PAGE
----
By Jim Roberts
Halfway through a 20-minute phone interview—about eight of them spent talking about politics—Nellie McKay stopped herself and asked: “How much of the human body is water? Is it 70 percent? … Well, even more of a percentage of our show is music. It’s 95 to 99 percent.
“But then you have to try to put in a few yuks,” she added. “You’ve got to keep it happy, you know? We definitely aim to entertain, and I hope more often than not, we do.”
The 35-year-old has been described by All Music as a “21st century bohemian folksinger who deals in offbeat piano pop with light Broadway and punk leanings.” In other words: Her music and her shows can be diverse. And since she also has experience doing stand-up comedy, the yuks come pretty easily.
McKay’s career in music started with a bang. After dropping out of the Manhattan School of Music, she was signed to Columbia Records and released a double album, “Get Away From Me,” to rave reviews in 2004.
It helped that she collaborated with Geoff Emerick, an engineer who had worked with the Beatles at Abbey Road Studios. “He just knows how to twist those knobs,” McKay said. “He can make something sparkle. … We feel like we’re all on a yellow submarine together.”
Fame was also sudden, thanks to her television debut: a performance of the quirky “Dog Song” on “Late Show With David Letterman.” “I just wished I could have sat on the couch and talked to him,” she said of the talk show legend. “But he came over like a friendly alien. … It was a delight.”
Paradoxically, she hasn’t significantly built on the popularity she first enjoyed 13 years ago. Consider this concert review from 2015: “Nellie McKay is one of those artists you’ll be glad you saw on the way up,” Shawn Mullen wrote in The Moderate Voice. “This is because McKay’s star is burning brightly these days, and she is going to be very big.”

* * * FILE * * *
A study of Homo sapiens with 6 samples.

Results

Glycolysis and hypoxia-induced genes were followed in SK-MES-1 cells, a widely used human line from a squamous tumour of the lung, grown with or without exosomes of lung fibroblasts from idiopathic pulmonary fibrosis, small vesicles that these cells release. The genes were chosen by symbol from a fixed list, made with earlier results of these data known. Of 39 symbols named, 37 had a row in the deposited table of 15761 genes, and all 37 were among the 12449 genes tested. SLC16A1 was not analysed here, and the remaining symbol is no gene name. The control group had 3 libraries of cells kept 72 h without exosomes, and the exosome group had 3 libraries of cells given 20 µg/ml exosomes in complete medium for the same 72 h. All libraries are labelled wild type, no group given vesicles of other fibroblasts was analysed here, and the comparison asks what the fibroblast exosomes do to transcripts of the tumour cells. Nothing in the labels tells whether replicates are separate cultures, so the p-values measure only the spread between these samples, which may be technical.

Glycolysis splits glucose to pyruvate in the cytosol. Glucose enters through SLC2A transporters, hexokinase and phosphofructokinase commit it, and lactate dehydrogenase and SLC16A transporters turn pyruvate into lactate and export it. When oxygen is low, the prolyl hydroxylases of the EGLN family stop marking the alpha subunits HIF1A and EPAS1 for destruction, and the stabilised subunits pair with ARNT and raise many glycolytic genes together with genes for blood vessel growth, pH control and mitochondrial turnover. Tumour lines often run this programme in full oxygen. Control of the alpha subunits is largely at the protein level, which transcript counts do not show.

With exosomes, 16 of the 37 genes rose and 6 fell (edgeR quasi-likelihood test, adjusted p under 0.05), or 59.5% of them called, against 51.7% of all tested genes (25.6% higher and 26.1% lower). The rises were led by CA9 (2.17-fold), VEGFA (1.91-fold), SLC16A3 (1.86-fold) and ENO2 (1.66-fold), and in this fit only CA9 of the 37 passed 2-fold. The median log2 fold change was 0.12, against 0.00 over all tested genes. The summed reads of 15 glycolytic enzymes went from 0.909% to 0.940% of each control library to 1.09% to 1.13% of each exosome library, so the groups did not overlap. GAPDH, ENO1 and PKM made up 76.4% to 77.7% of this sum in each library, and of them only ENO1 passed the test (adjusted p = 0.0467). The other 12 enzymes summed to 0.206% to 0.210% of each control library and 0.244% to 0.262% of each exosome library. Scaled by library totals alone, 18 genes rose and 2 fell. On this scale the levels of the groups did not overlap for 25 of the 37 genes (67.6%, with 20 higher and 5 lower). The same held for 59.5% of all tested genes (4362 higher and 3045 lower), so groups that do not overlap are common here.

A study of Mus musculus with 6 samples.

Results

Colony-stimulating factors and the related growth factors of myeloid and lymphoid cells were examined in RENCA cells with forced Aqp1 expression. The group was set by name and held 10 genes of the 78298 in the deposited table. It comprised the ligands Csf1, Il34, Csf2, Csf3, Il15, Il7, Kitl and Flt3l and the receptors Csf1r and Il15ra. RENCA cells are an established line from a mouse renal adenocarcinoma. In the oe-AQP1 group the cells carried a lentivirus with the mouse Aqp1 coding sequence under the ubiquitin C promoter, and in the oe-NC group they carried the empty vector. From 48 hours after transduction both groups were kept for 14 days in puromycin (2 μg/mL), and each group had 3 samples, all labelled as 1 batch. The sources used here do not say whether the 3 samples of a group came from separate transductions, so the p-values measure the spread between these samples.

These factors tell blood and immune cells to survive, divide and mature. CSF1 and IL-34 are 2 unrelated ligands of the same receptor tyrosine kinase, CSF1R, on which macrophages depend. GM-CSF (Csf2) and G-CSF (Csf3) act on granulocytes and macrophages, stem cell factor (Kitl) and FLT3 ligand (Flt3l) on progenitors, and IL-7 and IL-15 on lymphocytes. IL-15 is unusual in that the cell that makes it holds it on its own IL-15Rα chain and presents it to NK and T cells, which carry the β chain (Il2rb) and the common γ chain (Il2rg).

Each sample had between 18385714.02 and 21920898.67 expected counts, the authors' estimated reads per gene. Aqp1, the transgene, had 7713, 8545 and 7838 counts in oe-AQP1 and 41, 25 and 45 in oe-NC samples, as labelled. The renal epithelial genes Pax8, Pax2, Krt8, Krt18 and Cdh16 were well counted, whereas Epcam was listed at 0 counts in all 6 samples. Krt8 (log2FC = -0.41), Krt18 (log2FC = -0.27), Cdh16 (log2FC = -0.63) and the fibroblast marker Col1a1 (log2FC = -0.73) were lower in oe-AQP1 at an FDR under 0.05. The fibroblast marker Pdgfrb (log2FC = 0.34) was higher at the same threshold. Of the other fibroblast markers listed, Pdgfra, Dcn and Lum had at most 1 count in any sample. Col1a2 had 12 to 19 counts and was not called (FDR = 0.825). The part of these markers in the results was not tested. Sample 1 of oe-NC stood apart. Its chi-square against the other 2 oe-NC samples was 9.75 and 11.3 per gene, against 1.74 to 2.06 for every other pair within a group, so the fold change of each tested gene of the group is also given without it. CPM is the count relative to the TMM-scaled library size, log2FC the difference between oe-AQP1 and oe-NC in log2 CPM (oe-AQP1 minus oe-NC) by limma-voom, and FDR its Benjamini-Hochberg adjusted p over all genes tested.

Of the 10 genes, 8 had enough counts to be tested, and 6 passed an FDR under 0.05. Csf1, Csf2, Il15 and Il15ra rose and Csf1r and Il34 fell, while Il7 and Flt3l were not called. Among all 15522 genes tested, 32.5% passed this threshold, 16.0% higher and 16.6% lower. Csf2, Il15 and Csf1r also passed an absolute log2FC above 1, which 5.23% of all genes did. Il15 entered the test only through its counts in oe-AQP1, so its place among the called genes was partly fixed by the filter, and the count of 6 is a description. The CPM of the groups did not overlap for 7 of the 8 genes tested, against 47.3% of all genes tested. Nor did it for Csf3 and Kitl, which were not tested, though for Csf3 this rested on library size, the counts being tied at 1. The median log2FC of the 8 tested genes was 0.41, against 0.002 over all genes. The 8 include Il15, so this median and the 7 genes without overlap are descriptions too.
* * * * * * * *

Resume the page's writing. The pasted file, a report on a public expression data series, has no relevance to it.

While she appeared on Broadway in “The Threepenny Opera” in 2006 and in the film “P.S. I Love You” in 2007, her five albums since “Get Away From Me” have positioned her in a progressively smaller niche. Her second and third albums were released on her own label, Hungry Mouse, and her fourth was “Normal as Blueberry Pie,” a tribute to Doris Day. Her last record, 2015’s “My Weekly Reader,” is a collection of covers from the 1960s. Other than the Beatles’ “If I Fell”—now a fan favorite at shows—the song choices are mostly obscure, like Frank Zappa’s “Hungry Freaks, Daddy.”
She’ll draw from all of these sources—and a forthcoming album of “standard saloon songs”—when she performs in Norfolk in December. “I’ll be previewing a little bit of that,” she said. “But then we usually take some requests. People can just heckle. We’ll try to mix it up.”
McKay has never played Norfolk, but she did come down from New York for a short internship at People for the Ethical Treatment of Animals when she was a teen-ager. “That was a wonderful time,” she recalled, “and it really made an impression on me. … Those undercover investigators, they’re heroes. I don’t know how they do what they do.”
Don’t be surprised if she tells a PETA story or two at her show—or if she gets more overtly political. “There is a lot of hope,” she said. “I mean, more people, they are aware of what the government is doing now. … I actually think it’s very positive.”
Nellie McKay will perform at 8 p.m. Dec. 2 at the Virginia Arts Festival’s Robin Hixon Theater in Norfolk. The show is part of a series co-presented with North Shore Point House Concerts. Tickets are $30. For more information, visit vafest.org.